I am currently huddled in a warm internet cafe in McLeod Ganj, a small hill top town next to Dharamsala and home to the Dalai Lama and the Tibetan Government in Exile. On the bus up from Amritsar I ran into two American girls, Emily and Melissa, that I’d met at the border ceremony in Attari and the three of us managed to find a guest house in the dark, after several false starts, and accidentally running into a pack of about fifteen fighting dogs!
It is cold here, really cold and especially as none of the buildings have heating. I can see my breath in the air in the daytime! I am currently wearing three layers of t-shirts, a vest, jumper, a rather stylish Tibetan-style fleece I brought on the first day, scarf, bandanna and woollen shawl. Despite the temperature, I really like this place, it’s the kind of place you can easily just wander around all day and contentedly do absolutely nothing. The town is perched on a ridge in between the hills with snow covered peaks in the distance and coloured balconied buildings spilling down the slopes. It doesn’t feel like India, most of the people are Tibetan refugees and there are maroon robed monks walking around the streets, buddist temples, prayer flags and it just feels like I’m in a totally different country.
Our first morning we visited the Tsglagkhang complex, which is the main buddist centre, and houses some very ornate gold statues which all have, bizarrely, offerings of Hobnobs, Oreo cookies and Tropicana orange juice placed at their feet. Prayer wheels surround the man chapels offering up hundreds of silent mantras with every turn. A couple of tourists were walking around and a few Tibetan women were doing the yoga-like bowing prayers on a mat in the courtyard. An American looking guy in a cowboy hat was sprawled out asleep on one of the benches, it is a supremely relaxing place! The monks also run a cafe at the bottom which does amazingly good pizza and vegetarian food.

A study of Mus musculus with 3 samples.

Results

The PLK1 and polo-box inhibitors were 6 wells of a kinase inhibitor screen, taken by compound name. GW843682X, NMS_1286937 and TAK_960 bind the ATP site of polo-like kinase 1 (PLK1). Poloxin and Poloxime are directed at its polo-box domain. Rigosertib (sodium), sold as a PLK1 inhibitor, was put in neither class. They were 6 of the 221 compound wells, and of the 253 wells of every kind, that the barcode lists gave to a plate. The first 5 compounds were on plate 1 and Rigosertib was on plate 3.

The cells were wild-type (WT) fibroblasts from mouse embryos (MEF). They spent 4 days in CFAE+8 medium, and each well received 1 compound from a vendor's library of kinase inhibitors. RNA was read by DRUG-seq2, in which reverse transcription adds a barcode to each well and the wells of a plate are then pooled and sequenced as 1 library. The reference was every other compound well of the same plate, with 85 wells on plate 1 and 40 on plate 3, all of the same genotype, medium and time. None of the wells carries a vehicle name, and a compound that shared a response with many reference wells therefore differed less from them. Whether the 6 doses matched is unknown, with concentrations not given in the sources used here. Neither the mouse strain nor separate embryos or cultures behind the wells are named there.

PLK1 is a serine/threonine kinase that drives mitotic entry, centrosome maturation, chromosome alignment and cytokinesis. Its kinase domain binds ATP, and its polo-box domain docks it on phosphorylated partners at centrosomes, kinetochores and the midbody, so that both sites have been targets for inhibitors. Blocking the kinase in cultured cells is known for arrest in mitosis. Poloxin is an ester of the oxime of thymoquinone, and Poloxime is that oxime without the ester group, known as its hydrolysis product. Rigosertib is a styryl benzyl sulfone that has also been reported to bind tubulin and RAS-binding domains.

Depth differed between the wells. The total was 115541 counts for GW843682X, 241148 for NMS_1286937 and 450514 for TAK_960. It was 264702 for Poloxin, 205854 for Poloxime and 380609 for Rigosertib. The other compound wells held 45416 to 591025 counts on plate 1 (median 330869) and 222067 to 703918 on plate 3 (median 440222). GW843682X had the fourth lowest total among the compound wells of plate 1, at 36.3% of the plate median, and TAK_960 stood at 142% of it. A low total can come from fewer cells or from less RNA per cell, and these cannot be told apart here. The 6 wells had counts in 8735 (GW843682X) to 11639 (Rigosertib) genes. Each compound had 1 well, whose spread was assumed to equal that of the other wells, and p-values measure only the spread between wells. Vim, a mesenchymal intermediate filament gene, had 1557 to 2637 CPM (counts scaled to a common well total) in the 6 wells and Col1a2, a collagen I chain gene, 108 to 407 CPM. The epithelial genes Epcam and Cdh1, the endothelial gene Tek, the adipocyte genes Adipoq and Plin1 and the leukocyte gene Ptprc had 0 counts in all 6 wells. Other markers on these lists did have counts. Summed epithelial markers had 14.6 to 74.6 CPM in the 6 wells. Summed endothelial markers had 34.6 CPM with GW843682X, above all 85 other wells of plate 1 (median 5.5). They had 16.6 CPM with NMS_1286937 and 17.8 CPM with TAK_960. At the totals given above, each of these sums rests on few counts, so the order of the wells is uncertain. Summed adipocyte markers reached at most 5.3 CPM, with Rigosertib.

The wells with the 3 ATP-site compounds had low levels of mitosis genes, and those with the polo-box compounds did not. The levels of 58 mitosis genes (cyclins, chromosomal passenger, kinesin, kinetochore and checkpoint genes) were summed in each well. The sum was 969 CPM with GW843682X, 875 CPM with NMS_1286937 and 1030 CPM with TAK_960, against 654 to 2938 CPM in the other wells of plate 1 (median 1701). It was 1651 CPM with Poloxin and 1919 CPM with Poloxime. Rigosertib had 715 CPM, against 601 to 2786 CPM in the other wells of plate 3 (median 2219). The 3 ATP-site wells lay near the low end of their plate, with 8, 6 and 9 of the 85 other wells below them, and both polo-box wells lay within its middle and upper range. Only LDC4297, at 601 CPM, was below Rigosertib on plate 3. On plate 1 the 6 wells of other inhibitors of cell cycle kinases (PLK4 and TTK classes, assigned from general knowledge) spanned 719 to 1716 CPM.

Yesterday we went for a walk to the next village, Bhagsu, and up alongside a huge boulder strewn dry river bed to a small waterfall tucked into the hill side. We all lay back on a smooth rock in the sunshine and watched Indian guys taking macho photographs of themselves in front of the rocks! I also did a Tibetan cookery course last night as I decided I needed another stab at the Momo making. The guy Lhamo running the lesson was lovely and got really excited when we managed to master the various pinching patterns of the different momo shapes; we did vege ones, spinach and cheese and sweet momos and they were delicious. I am going to live off these things when I finally get back home.
Lhamo himself came to India in 1991 because he wanted to see the Dalai Lama and apparently, at that point, you weren’t allowed to learn or speak Tibetan in Tibet, only Chinese, and he wanted to learn the language of his country, he had to exile himself to India to do that. He can’t return to Tibet now, despite the fact that most of his family is there and he can’t email or phone them but manages to pass verbal messages through visitors who can travel between Lhasa and India. In his kitchen there was a huge panoramic photo of Lhasa which shows just how much building, roads and modernisation has been done in the fifty years since the Chinese invaded, they are doing a horrible job of destroying the culture and traditions physically as well as spiritually. This town is full of DVDs of documentaries on Tibet, posters showing the faces of buddist monks who have ‘disappeared’ or been ‘detained’ and signs calling for China to be held accountable for its Human Rights infringements. So, as a small gesture of support, I am now wearing a red SAVE TIBET T-shirt underneath my many layers!